D.C. lawmakers pass bill to address ticket woes

The D.C. Council passed the Traffic Adjudication Amendment Act, a response to our Ticketbuster series on ticket problems in D.C. The bill passed and now goes to the mayor\'s desk. (WTOP/Ari Ashe)

WASHINGTON — The D.C. City Council unanimously passed a bill Tuesday to change the way parking tickets are adjudicated and address several issues identified in the WTOP Ticketbuster series.

The Traffic Adjudication Amendment Act was introduced last summer to restore fairness to a process that some felt was lacking at the Department of Motor Vehicles, which adjudicates all tickets in D.C. The bill now goes to Mayor Vincent Gray.

“The reason I introduced the bill, first of all, has a lot to do with WTOP,” says Council Chairman Phil Mendelson. “This is about fairness, and too often there are cases where it doesn’t seem like justice is served.”

Two key amendments were added before final passage:

One would require the D.C. DMV to get the make and model on all delinquent tickets in Maryland and Virginia, then crosscheck them against the ticket to ensure accuracy. If the vehicle registration and ticket don’t match, the ticket will be dismissed.

A WTOP Ticketbuster investigation recently found that thousands of delinquency notices are mailed to innocent Maryland and Virginia drivers each year, many of whom never travel into the District of Columbia. The license plate on the notice matches the drivers’ tags, but the make and model are wrong.

“It must be extraordinarily frustrating and I certainly sympathize with the people who are caught up in this,” says D.C. Council Member Mary Cheh. “The only thing I can say is that I’m sorry and we’re going to work out the situations that are still pending. But I hope when the bill is finally enacted that this won’t happen again.”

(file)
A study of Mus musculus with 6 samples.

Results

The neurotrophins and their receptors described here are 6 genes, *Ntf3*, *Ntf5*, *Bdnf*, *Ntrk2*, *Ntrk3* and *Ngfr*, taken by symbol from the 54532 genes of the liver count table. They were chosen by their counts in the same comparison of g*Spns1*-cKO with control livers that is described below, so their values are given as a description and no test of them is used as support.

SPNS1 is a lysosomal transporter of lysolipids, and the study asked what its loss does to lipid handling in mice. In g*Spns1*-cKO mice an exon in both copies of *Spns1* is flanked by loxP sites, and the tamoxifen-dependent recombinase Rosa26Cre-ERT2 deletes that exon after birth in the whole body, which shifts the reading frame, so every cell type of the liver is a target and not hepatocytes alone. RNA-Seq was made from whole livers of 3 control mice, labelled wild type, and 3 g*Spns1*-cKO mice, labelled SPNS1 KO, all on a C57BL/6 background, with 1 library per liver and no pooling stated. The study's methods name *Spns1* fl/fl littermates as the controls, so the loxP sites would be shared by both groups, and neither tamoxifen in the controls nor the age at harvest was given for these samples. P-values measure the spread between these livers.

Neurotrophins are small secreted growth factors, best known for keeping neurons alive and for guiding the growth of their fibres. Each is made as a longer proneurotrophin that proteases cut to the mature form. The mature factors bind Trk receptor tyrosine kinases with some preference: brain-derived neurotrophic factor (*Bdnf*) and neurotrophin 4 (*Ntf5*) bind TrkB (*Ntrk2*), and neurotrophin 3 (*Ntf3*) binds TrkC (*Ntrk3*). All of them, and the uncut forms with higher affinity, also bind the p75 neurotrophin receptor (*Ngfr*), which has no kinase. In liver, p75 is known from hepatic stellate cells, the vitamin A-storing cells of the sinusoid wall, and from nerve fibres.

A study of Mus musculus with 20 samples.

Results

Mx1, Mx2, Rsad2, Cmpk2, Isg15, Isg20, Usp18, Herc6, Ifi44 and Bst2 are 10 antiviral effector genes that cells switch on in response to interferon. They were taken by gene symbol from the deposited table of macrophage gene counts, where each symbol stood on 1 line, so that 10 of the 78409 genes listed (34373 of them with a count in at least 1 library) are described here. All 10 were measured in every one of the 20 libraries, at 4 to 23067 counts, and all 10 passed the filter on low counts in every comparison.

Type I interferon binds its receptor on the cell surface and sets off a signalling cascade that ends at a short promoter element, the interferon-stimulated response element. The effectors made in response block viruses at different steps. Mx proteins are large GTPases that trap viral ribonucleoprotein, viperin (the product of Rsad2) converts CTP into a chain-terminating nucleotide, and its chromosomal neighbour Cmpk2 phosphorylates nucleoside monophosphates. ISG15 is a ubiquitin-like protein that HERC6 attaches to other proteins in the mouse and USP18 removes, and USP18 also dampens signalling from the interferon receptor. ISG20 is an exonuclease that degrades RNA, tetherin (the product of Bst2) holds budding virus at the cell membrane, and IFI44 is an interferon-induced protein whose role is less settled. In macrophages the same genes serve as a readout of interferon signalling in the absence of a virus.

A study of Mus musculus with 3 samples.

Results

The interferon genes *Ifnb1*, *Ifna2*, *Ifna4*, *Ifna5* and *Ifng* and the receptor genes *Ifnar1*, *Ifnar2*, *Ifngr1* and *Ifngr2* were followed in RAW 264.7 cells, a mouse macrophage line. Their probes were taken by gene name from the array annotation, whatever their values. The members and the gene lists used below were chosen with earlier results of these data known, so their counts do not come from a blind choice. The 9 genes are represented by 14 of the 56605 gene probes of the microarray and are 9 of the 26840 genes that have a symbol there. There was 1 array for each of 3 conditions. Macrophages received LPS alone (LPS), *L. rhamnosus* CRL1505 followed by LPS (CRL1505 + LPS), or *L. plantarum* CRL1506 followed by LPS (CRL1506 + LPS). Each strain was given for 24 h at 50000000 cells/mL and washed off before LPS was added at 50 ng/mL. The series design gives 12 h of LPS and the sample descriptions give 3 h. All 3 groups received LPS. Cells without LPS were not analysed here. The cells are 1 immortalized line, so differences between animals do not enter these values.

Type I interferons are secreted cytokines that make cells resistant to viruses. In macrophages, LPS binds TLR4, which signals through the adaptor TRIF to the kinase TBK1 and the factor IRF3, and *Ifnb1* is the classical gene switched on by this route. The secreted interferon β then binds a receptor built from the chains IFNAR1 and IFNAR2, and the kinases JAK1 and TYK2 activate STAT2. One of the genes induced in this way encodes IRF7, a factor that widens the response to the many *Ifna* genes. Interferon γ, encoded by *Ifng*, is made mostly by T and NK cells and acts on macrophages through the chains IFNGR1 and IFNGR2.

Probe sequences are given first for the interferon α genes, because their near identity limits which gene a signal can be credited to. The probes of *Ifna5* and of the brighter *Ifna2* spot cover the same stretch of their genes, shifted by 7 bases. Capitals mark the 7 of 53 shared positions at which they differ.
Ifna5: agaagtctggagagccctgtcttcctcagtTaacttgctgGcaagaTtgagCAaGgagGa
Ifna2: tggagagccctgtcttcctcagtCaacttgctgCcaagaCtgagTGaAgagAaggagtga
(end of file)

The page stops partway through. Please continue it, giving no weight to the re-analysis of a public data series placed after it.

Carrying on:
Mendelson says he wasn’t surprised at our findings either.

“There are so many instances where someone gets a ticket and it’s so clearly not for their vehicle. The DMV has been blind to that,” he says. “If you’re responsible, you should pay your fine. But the government shouldn’t be so hungry for the money that it couldn’t care less whether it holds the right person responsible.”

A second amendment would add an ombudsman, who would be part of the D.C. DMV but report to the Council. AAA Mid-Atlantic endorsed this measure, saying it will help drivers who seem to get caught in the red tape. The ombudsman wouldn’t replace the hearing examiner, but would be a last resort for people who can’t seem to get answers or direction.

“Sometimes drivers get caught in these arbitrary approaches, this sort of unending loop,” says Cheh, who has introduced a bill of her own to further revamp the ticketing process in the District. “There needs to be a person, not only to help, but just to explain what’s happening and what your options are. Someone to help clear up any confusion. What they won’t have the authority to do is override decisions. But the ombudsman will be able to look into things, offer suggestions, and make recommendations to the DMV and D.C. City Council.”

Some have questioned whether an ombudsman will be effective, or whether DMV Director Lucinda Babers, DMV Administrator Wanda Butler and Chief Hearing Examiner Cassandra Claytor will be receptive to an ombudsman and the recommendations from that office. Cheh says it’s an evolving process and she’ll closely watch to make sure the ombudsman is getting the proper support.

Other provisions in the bill would allow drivers to reopen their cases with new evidence that would prove their innocence. It would also require the DMV to provide a detailed explanation on why a driver was found liable for a ticket. Hearing examiners often mail out a simple form letter that doesn’t address the issues the driver brought up about the ticket.

Babers is embracing the Traffic Adjudication Amendment Act, which she acknowledges will fix some of the issues that she believes cause problems.

“I’m not opposed to it because then it would be the law and we would be in compliance with the law. Right now, these measures aren’t in the statutes and regulations,” says Babers.

Mayor Gray has indicated he will likely sign the bill. Then it goes to Congress for a final review before becoming law.